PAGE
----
Politics and perfume. Maulana Badruddin Ajmal has sniffed success in both. The Maulana’s family has been running a perfume business across several nations for the past six decades and he entered politics in Assam after the Supreme Court struck down the Illegal Migrants (Determination by Tribunals) Act in 2005. The fragrant success story originated in a remote village in the Hojai area in Nagaon district of central Assam in 1951.
The 63-year-old Maulana, alumnus of Darul Uloom Deoband in Uttar Pradesh, articulated the fear of persecution and deportation that gripped Muslim settlers in Assam after the scrapping of the Act by floating the Assam United Democratic Front, renamed All India United Democratic Front.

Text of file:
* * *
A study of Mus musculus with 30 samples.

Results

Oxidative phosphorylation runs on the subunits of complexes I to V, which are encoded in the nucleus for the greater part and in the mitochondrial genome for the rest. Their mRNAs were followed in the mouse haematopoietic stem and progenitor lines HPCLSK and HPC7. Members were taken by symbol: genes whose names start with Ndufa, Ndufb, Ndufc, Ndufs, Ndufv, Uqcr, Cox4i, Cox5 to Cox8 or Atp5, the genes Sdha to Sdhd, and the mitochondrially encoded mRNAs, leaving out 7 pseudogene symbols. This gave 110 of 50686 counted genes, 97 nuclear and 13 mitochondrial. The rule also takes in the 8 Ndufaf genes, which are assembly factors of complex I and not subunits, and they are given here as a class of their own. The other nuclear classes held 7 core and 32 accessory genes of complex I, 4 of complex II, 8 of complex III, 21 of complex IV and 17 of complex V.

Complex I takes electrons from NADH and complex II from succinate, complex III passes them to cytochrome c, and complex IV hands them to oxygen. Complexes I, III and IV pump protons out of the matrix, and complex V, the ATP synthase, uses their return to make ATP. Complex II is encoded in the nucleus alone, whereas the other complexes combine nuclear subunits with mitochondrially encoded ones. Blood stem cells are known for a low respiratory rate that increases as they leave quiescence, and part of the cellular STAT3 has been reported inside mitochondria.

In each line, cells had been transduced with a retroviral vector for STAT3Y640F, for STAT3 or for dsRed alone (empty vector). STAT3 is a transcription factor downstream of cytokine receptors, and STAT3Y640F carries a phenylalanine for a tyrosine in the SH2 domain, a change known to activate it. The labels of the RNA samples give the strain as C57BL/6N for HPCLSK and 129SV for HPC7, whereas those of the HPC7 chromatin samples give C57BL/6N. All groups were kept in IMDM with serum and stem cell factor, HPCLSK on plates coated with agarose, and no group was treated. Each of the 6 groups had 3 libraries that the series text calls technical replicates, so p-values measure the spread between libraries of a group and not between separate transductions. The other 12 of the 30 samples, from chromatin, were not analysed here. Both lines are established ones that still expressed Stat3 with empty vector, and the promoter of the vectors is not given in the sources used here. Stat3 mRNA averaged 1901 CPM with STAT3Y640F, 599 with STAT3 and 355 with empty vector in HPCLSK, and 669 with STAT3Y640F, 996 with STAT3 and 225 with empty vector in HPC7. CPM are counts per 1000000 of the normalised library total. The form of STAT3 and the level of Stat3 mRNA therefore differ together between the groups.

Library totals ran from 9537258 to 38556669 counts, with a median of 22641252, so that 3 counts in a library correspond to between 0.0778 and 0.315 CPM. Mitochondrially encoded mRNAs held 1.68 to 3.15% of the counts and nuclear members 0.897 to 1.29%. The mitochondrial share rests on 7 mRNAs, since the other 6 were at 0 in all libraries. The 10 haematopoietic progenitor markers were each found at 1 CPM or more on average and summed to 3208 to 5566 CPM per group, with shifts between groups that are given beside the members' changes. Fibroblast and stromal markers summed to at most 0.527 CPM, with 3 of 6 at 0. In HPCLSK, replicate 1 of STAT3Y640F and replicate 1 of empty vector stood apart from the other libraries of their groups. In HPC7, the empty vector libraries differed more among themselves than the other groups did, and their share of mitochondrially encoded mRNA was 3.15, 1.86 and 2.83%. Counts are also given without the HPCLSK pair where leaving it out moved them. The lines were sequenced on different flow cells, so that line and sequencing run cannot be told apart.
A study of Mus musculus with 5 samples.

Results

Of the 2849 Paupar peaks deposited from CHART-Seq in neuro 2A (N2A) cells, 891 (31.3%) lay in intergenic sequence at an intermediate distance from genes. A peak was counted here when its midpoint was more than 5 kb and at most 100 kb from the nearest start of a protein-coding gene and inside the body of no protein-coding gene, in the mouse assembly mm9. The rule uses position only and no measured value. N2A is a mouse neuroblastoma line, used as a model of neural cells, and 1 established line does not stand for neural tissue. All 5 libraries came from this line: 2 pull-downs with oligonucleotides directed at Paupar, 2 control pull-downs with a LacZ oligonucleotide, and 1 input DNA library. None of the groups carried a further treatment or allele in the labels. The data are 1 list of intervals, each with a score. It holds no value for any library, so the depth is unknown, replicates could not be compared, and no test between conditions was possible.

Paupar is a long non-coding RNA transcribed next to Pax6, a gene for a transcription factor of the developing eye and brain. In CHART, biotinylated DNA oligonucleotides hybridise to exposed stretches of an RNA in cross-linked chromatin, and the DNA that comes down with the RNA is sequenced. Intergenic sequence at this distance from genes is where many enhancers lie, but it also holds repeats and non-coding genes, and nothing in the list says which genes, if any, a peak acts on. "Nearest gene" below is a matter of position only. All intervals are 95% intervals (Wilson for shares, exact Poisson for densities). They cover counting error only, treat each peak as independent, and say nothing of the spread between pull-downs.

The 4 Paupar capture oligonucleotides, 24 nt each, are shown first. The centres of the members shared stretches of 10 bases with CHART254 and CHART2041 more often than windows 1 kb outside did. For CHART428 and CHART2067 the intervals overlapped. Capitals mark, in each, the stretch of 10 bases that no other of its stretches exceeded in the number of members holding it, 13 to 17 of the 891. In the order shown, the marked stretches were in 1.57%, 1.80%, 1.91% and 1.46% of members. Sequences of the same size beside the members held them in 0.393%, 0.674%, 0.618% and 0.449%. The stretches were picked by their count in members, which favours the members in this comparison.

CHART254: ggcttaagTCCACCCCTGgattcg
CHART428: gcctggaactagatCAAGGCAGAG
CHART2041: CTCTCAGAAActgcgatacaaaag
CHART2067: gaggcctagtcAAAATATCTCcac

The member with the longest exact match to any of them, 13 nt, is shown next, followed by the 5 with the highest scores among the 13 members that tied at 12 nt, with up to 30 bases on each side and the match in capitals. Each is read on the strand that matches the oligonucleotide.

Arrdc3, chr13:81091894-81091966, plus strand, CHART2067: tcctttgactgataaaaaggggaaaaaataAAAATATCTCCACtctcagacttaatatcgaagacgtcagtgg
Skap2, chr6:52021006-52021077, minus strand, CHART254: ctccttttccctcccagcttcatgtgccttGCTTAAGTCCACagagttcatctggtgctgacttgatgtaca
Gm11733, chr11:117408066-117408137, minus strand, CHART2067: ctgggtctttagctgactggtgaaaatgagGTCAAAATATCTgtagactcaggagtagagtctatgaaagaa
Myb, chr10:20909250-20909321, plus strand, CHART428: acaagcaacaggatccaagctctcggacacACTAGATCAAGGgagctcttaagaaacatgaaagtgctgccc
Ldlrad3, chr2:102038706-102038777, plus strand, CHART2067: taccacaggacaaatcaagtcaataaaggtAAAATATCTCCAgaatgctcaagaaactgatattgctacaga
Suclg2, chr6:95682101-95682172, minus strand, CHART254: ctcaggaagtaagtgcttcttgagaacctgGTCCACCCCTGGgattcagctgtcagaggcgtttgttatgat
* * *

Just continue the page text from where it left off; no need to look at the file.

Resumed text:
The Act dominated Assam’s electoral politics for more than two decades after its enactment in 1983 in the aftermath of the Nellie carnage in the undivided Nagaon district in central Assam. Under the Act, those identified as foreigners could appeal to a tribunal and the onus of proof was on the complainant. Hence, it was regarded as a soft law and protective of the minorities.
The Maulana’s new party fought on the poll plank that the Congress failed to prevent the scrapping of the Act. He won 10 seats in the 126-member Assam Assembly on its electoral debut in 2006. He won two seats — South Salmara and Jamunamukh. However, Tarun Gogoi formed a Congress government for the second successive term with the support of 11 Bodoland People’s Front MLAs.
In 2009, the Maulana set his footprint on national politics by wresting the Dhubri Lok Sabha seat from the Congress and extended support to the United Progressive Alliance (UPA) government, causing further erosion of Muslim support to the Congress. The community plays a decisive role in at least 35 Assembly seats in Assam.
In less than nine years, he became a key player in Muslim politics in Assam.